Thursday, December 25, 2014

Movie with Abe: Two Days, One Night

Two Days, One Night
Directed by Jean-Pierre and Luc Dardenne
Released December 25, 2014

Films that reference time in their titles usually fall into one of three categories: science-fiction tales actually involving time travel of some sort, thrillers involving a ticking clock, and stories that use time strictly as a measure of possibility and are in no rush to race through it. The first category includes examples like “Edge of Tomorrow” and “About Time,” the second brings to mind “Out of Time” and “Nick of Time,” and the third is best illustrated by the acclaimed Romanian film “4 Months, 3 Weeks, and 2 Days.” The Dardenne brothers’ latest film, “Two Days, One Night,” falls distinctly into that third category.

The film opens with Sandra (Marion Cotillard) laying at home in bed, far from eager or ready to get up. A few phone calls and conversations reveal that, after a medical leave, Sandra returned to work to a vote forced upon her coworkers by their boss: to lay her off or to receive their bonuses. Unsurprisingly, the allure of 1000 euros has resulted in her losing the vote. The determination of her friend and coworker Juliette (Catherine Salée) earns her a new vote on Monday morning just moments before the end of the work day on Friday, which gives her the weekend to find each of her coworkers and convince them that her job is worth giving up their bonuses.

What transpires over the next two days is a repetitive sequence of events. Sandra tracks down each coworker, most of whom she does not have a personal relationship with outside of work. Each are surprised at first to see her but immediately realize why she has come. They ask how many have decided to support her and tell her it’s difficult for them to let the bonus go. She tells them that she was not the one who made them choose and that she deserves to have a job just like they deserve to have their bonus. Some respond more optimistically and ultimately opt to vote in her favor, while others are outright angry that she would even come by, but the conversations are largely the same.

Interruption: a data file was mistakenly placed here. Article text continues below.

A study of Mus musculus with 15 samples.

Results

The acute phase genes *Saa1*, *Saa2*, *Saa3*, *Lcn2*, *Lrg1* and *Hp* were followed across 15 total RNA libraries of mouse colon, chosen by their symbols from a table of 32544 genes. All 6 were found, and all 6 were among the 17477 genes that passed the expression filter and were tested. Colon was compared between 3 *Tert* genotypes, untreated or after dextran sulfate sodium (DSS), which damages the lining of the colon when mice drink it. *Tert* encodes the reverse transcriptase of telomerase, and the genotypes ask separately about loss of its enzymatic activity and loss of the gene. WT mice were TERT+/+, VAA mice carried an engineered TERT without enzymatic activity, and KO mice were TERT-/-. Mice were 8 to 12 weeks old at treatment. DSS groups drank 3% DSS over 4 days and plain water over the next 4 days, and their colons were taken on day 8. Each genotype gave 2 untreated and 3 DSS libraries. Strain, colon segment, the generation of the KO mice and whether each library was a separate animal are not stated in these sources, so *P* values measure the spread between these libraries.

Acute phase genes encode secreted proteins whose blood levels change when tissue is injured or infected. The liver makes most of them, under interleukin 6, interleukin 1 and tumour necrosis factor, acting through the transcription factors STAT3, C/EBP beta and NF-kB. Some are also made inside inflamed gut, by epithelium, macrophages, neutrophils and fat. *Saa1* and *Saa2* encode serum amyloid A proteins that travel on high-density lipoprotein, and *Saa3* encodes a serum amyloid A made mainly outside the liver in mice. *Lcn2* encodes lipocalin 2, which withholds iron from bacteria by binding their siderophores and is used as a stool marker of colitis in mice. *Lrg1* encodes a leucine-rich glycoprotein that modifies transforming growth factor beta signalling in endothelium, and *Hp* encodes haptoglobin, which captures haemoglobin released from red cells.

Watching the nuanced differences in how each person reacts to Sandra approaching them in their natural habitats and seeing how human instinct kicks in in this kind of scenario is what makes this film and its story worthwhile. It’s difficult to watch Sandra put herself out there, especially because her situation has caused her to lose considerable confidence. Her supportive husband Manu (Fabrizio Rongione), who works in the kitchen at a chain restaurant, is her biggest cheerleader, but it often seems that he should be the one advocating on her behalf rather than her. Cotillard delivers a strong performance that anchors the film, and the film ends on a note that gives all its events, which play out unextraordinarily as they might in real life, added significance, revealing the more complex layers of a seemingly simple and uncomplicated story.